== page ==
It was a tough festive period for British boxing. At a time when the sport in the UK is normally shut down, two of the bigger names took fights in America and lost. The defeats for Callum Smith and Luke Campbell were not unexpected. But it did expose the idea that the sport in the UK is lacking in depth right now.
Any review of UK boxing in 2020 would make Tyson Fury man of the year was, without doubt. Boxing is not just about men these days and it was a remarkable year for Britain’s female boxer, as the number of world champions went from zero to three – Terri Harper, Chantelle Cameron and Savannah Marshall.
Indeed, it is easy to look to Fury, Anthony Joshua and Josh Taylor and think the sports is in rude health. But right now, British boxing is in a transition stage and the coronavirus pandemic has had a big impact on the development of the next string of headliners.
Wind back 12 months and think of the list of British boxers who were expecting 2020 to be a career-defining year. Josh Warrington, the IBF featherweight champion, jumped ship from Frank Warren back to Eddie Hearn in expectation of a big unification fight – against Gary Russell Jr, Shakur Stevenson or Can Xu – while Chris Eubank Jr was expecting to be in the middleweight mix have appeared, albeit briefly, on a big PBC show the previous December. Neither boxed in 2020. Billy Joe Saunders, the WBO super-middleweight champion, did box but has seen his career stagnate.
Joshua Buatsi, who was Hearn’s hope as his next big thing, spent most of the year treading water, while Josh Kelly did not box. On the other side of the promotional fence, Frank Warren’s biggest two hopes, Daniel Dubois and Anthony Yarde, both lost.
Add to that Smith and Kal Yafai losing world titles, plus defeats for Dillian Whyte and Kell Brook and 2020 shaped up as a pretty tough year.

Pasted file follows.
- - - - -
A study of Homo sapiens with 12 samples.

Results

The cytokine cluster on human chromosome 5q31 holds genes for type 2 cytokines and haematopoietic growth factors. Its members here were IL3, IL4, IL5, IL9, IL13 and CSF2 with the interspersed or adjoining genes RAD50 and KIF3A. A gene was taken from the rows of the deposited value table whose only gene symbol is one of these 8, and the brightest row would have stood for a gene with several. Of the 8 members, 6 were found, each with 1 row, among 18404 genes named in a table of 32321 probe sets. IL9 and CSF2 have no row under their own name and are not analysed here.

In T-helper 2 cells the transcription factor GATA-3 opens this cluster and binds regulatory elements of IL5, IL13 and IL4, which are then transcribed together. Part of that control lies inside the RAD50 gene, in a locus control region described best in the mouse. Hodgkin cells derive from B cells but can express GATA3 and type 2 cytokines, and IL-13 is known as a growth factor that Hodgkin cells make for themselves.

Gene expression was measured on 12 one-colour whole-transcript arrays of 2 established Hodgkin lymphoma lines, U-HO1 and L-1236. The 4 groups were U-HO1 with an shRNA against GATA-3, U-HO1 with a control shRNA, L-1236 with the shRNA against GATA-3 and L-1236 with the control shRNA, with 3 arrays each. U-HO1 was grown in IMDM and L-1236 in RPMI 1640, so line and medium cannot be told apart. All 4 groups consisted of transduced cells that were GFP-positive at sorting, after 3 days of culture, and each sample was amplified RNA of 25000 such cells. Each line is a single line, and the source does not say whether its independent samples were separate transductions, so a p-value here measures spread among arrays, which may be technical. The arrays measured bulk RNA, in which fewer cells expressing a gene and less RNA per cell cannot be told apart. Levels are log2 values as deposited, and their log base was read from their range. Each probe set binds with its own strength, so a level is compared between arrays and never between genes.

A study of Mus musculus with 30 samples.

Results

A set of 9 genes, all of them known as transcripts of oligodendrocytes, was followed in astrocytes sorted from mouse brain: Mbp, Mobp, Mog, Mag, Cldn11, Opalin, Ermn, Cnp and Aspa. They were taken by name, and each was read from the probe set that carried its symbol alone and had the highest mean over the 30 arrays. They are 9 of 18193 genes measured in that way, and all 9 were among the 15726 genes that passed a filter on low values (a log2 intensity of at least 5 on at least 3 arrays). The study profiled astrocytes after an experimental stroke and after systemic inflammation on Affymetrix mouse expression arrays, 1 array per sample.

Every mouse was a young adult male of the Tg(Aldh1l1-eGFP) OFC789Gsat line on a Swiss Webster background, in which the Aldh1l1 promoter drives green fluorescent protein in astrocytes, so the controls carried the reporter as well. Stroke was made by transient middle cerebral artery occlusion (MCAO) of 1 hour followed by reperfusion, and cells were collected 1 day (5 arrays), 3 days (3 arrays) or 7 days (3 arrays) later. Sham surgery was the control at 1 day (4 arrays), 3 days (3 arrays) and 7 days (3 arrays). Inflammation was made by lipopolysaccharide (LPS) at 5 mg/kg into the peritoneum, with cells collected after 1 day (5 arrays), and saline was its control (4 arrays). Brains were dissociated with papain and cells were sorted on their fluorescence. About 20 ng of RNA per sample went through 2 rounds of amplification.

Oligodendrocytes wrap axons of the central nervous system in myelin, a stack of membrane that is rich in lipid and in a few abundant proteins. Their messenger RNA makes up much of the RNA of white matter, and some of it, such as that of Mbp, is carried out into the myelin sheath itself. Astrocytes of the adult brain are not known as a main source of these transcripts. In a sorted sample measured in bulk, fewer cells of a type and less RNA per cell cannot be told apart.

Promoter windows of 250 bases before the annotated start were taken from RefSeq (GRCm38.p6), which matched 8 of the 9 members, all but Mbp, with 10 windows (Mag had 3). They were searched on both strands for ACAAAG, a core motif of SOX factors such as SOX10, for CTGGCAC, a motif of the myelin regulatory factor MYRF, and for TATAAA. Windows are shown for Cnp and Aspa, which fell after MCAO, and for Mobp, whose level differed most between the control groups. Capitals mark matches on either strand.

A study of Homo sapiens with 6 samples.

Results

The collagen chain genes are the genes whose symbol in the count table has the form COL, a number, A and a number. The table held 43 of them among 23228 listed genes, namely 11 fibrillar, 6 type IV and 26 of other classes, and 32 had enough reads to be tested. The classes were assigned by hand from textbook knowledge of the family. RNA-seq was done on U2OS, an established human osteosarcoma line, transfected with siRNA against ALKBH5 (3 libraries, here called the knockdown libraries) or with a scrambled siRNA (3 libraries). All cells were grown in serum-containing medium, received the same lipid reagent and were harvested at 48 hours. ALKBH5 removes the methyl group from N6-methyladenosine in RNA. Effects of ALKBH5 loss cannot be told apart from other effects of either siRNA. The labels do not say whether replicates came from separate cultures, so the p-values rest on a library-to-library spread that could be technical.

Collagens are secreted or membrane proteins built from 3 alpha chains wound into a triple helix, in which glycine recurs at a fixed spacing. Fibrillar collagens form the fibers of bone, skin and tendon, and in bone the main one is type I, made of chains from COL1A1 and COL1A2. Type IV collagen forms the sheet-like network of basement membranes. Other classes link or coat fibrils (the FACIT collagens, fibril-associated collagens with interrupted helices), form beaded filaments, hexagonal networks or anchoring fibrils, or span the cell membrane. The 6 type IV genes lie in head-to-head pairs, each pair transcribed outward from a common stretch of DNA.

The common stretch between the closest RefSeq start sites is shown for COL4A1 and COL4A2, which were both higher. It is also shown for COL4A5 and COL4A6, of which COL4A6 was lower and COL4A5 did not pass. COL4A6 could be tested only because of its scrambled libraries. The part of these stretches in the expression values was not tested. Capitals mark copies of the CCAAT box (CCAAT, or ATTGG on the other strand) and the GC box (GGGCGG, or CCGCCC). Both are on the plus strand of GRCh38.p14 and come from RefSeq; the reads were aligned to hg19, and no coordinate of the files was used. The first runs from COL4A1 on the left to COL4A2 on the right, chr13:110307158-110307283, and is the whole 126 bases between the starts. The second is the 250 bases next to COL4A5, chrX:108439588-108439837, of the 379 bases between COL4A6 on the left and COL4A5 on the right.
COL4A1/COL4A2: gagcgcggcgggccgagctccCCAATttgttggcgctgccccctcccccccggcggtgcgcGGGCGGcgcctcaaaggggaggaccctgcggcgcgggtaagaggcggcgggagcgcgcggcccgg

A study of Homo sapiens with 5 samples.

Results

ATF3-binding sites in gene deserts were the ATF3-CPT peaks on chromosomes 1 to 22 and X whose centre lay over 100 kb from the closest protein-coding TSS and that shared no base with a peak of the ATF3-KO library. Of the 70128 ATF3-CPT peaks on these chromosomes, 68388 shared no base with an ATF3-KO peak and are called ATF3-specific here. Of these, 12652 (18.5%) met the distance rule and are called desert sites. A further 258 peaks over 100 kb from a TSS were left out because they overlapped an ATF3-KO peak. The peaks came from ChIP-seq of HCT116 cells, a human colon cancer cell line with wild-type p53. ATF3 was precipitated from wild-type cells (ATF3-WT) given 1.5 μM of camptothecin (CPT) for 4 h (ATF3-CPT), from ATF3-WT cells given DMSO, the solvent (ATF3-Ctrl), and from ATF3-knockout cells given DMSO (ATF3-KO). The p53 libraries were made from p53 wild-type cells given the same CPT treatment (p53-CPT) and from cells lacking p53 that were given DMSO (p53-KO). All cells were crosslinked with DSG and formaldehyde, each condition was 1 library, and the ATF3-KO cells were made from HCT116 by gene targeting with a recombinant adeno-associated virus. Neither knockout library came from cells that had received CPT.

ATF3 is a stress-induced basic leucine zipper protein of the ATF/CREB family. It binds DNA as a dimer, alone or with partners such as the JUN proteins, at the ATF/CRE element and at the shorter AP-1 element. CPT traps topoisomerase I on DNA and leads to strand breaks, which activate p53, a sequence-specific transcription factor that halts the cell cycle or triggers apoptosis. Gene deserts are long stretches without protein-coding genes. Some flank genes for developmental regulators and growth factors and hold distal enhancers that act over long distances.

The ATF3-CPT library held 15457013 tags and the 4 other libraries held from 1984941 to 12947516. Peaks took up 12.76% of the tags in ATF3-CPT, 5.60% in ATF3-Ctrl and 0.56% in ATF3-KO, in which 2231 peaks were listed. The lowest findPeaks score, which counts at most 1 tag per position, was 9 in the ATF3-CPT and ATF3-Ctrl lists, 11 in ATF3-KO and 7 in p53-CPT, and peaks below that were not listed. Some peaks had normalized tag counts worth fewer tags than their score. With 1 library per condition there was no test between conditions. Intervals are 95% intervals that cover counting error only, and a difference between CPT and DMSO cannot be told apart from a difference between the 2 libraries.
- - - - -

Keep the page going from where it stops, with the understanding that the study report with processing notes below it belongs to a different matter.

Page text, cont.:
The very nature of the sport is today’s champions are built by sweeping away yesterday’s heroes. But coronavirus has exacerbated short termism and a dash for cash. “No easy fights,” Eddie Hearn said at the launch of Fight Camp last summer. No one would really argue about that, but careers in boxing still need building. Apart from a Fury-Joshua clash, one of the big fights being talked up right now in Amir Khan and Brook. Yes, it’s 2021, not 2016. But it’s a fight that sells, or more to the point a fight makes a profit at a time when few in boxing are making any money at all.
With record numbers of deaths and infections being announced on an almost daily basis in the UK, it is difficult to plan ahead with any confidence. What is certain is that those with TV deals in place hold all the power at the moment.
Warren’s Queensberry Promotions are in the middle of a long-term deal with BT Sport, but Matchroom’s exclusive deal with Sky Sports is due to end this summer.
On the face of it, this is not the best time to be negotiating new TV deals. A massive drop in advertising revenue has put pressure on television companies to cut costs and sports rights will be an obvious target for savings.
Matchroom have promoted shows for Sky’s since they first signed up Chris Eubank in the 1990s. It was in 2012, though, that Eddie Hearn persuaded to make them their exclusive boxing promoters. The deal was extended in 2015 to run until 2021. Barney Francis, the Sky Sports managing director who agreed the deal, has now left the company.
One reason to believe that Sky will want to keep a big boxing presence is the fact that the sport makes them money, through their pay-per-views shows. Hearn has been rumoured to be considering switching his UK operations to DAZN, which launched globally last month. But that seems unlikely. The ties between Matchroom and Sky go well beyond boxing and include darts, snooker, pool. Golf, gymnastics and even fishing.
This week Hearn will announce five shows that will take Matchroom virtually up to the end of their Sky deal. It will feature Warrington, Kelly, Harper and the Whyte-Alexander Povetkin rematch. BT Sport kicks off with Jamel Herring against Carl Frampton, another boxer whose career could be on limited time if he doesn’t win.
Keeping boxing going and in the public eye is all important in the current climate. But, right now, Britain could do with a few winners.
Ron Lewis is a senior writer for Boxing Scene. He was Boxing Correspondent for The Times, where he worked from 2001-2019 - covering four Olympic Games and numerous world title fights across the globe. He has written about boxing for a wide variety of publications worldwide since the 1980s.